Competition Entry #2 | Freedom to Dream: India at 70


 

Freedom to Dream: India at 70
By Sitamsini Cherukumalli, 19 years, Hyderabad

 

Change is the only constant in the histories of our countries. In the past seventy years of Independence, India has seen its share of change – sometimes gradual, but often sudden and too many times, violent. The sheer polarity of our lived experiences as Indians is stunning. You pass by the small shops, the slums and all the geographies of the lower middle classes to the sleek banners and smooth roads and the clothing shops with international brand logos displayed prominently in English.

I lived in a village for the first few years of my life, and my obsession with escalators my first year in Hyderabad was for many years a great source of personal embarrassment. I would blush thinking about how gauche my loud excitement was, how the city people must have known that I was a villager. Class signifiers in India are often ridiculous and ripe for satire – knowledge of Western culture: posh; Good English: posh. Of course, these signifiers don’t seem so ridiculous to those climbing the economic and social ladder. I spent uncountable hours torturing myself over some English word mispronounced, about not knowing how to eat an idli with a fork and spoon, about mixing up ‘Kannada’ and ‘Canada.’

This elevation of the English Language, and Western things, and white people in our social and cultural lives is of course, a by-product of colonisation. We have yet to decolonise our minds. To decolonise our minds is the first step to freedom – a mind free of a double consciousness is a truly free mind. Only when we stop thinking about what our clothes or car or level of English signifies to those around us, can we make space in our consciousness for our true aspirations.

When I say “we,” I am referring to those of us who, by law or cultural norms, have not been given the freedom to dream. I am talking of Indians who cannot lead the lives that they wish to. Those who actively benefit from the status quo do not feel much of a need for change, and they already have the freedom to dream because class, caste, religious or gender anxieties have not created a blockade in their consciousness.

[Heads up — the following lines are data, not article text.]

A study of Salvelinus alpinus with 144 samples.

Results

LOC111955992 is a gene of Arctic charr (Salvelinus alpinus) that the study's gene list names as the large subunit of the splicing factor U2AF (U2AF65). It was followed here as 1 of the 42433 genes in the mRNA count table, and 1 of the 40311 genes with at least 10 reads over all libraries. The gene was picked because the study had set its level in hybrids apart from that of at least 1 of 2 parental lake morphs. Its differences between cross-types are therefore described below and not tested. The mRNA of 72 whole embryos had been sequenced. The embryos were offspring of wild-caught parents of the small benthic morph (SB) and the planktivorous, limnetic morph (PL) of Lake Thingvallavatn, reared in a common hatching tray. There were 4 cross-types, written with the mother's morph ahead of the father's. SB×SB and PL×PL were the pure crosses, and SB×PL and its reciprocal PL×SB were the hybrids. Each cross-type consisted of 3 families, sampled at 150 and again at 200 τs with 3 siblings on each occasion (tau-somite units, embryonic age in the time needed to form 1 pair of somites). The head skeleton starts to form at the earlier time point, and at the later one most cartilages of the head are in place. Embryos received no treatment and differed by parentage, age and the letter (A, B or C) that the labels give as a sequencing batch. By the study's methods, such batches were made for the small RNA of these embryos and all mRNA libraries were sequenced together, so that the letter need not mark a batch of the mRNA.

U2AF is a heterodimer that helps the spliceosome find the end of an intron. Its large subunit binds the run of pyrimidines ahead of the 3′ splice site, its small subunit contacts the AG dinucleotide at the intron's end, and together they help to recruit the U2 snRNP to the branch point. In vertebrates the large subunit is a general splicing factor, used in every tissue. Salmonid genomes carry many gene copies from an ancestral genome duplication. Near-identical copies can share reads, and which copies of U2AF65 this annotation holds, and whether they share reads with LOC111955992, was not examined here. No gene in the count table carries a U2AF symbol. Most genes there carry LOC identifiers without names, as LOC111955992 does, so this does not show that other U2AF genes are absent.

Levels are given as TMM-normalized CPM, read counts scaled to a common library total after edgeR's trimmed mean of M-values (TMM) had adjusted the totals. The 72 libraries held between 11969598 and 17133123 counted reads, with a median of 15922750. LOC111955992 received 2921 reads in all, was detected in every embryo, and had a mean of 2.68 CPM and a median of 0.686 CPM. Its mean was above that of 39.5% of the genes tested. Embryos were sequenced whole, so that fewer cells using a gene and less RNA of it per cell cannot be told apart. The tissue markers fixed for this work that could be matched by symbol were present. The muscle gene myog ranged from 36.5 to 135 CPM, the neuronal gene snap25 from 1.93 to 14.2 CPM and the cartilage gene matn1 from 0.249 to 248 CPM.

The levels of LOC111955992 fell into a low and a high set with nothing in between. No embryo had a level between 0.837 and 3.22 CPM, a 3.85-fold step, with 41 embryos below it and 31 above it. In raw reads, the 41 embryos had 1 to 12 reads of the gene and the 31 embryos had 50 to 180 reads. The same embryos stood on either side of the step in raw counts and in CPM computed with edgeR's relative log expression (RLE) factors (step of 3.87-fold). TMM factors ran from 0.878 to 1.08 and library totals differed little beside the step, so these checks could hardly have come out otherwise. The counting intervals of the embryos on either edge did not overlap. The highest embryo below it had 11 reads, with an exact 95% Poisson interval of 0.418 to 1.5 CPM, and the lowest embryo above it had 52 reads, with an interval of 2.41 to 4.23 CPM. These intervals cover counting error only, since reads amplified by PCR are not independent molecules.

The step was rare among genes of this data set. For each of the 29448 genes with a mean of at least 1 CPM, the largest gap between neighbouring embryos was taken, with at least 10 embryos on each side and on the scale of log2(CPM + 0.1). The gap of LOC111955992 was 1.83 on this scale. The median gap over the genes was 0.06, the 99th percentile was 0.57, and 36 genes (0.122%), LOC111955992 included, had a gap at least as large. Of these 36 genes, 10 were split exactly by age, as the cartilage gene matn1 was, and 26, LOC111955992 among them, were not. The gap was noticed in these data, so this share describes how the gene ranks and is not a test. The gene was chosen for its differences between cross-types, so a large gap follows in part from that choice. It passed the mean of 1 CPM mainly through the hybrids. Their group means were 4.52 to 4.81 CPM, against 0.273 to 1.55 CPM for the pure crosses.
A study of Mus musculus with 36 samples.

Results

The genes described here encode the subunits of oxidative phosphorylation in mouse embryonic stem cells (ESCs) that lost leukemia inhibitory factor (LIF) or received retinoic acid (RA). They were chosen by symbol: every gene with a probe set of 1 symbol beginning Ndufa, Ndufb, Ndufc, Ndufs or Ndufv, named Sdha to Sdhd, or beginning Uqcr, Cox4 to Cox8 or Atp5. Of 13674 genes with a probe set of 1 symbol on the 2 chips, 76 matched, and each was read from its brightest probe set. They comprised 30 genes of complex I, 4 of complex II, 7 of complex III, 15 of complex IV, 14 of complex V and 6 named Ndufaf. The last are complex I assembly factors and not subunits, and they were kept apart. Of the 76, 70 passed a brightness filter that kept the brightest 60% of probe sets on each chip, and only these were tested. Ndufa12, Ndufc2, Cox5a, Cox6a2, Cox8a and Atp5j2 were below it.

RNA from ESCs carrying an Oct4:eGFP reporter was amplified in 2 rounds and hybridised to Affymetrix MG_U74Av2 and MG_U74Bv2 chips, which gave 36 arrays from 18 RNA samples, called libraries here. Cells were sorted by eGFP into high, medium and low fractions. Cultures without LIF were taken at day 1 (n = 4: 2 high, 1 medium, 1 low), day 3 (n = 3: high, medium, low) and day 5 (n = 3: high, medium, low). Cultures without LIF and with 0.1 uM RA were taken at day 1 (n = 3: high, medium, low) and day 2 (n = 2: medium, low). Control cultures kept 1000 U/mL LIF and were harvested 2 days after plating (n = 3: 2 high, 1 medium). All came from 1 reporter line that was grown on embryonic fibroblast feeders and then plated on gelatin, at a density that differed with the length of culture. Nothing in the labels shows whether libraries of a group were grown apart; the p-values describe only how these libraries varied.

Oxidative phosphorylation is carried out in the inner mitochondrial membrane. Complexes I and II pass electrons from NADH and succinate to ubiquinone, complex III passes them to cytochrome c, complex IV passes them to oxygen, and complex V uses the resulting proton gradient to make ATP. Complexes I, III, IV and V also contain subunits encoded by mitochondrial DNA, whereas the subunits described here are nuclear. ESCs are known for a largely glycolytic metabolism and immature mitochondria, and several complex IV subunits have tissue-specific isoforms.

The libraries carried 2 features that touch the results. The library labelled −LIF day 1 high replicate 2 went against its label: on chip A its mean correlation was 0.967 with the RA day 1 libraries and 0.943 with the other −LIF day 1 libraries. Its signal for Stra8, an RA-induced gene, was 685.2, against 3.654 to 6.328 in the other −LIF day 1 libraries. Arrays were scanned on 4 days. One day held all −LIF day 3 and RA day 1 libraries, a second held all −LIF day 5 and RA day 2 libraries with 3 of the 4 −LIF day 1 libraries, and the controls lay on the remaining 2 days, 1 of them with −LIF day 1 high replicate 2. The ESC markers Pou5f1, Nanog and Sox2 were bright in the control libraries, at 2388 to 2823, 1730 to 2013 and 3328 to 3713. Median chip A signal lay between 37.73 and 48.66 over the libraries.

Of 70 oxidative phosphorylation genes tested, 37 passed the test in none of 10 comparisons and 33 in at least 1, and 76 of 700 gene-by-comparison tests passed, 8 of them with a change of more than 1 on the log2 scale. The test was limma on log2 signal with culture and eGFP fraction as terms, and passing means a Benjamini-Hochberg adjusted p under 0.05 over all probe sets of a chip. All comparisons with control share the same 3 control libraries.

One cannot objectively say that freedom is readily available to all the citizens of our nation. This is hardly a surprise, for history does not come in discreet packages of time: it does not stop and then begin at a new point. History and time are continuous, and the current systems of social and economic standings in our country are the fruit of many centuries, of many millennia. We look at traditions and we look at the lives of our fathers and forefathers to map out our own lives. One does need a truly free mind to tread off those beaten paths. And one needs true empathy to understand that it is much harder for some of us to do so, because of the arbitrary nature of the circumstances we were born into.

Change always leads to people closing ranks around themselves. Globalised markets, economic downturns, forced migration, resource scarcity have all led to a rise in right-wing and xenophobic political practices all over the world. Men threatened by their loss of power continue to wield any available tools to suppress women, whether through religion, arbitrary codes of morality, or the pay gap disparity. It is only natural for any human being to want to retain their power, and tragedy lies in the fact that throughout history, when power is wielded, it often comes at the expense of the freedom of others.

Every school child in India has been taught about “Unity in Diversity,” yet sometimes I wonder how many people feel safe in their identities in this country: safe enough to take risks and to be ambitious in their dreams. The unity of all our citizens cannot be declared by mere law, because the law does not control our thoughts, but rather, depends on a spirit of unity. Unity is a feeling that I fear has been felt rarely since our Freedom Struggle, with the exception of our cricket World Cup finals.

And yet, to be cynical about our nation is an insult to the oppressed; it is to dismiss their courage and their challenges. The oppressed cannot afford to just shrug their shoulders and carry on. We must recognise the privileges that we have been blessed with and use them to amplify their voices. To be hopeful about our country is to honour both the difficulties and the grace of our lives. Hopefulness that it can be otherwise is just the beginning: it opens up the freedom to dream. Hope is radical.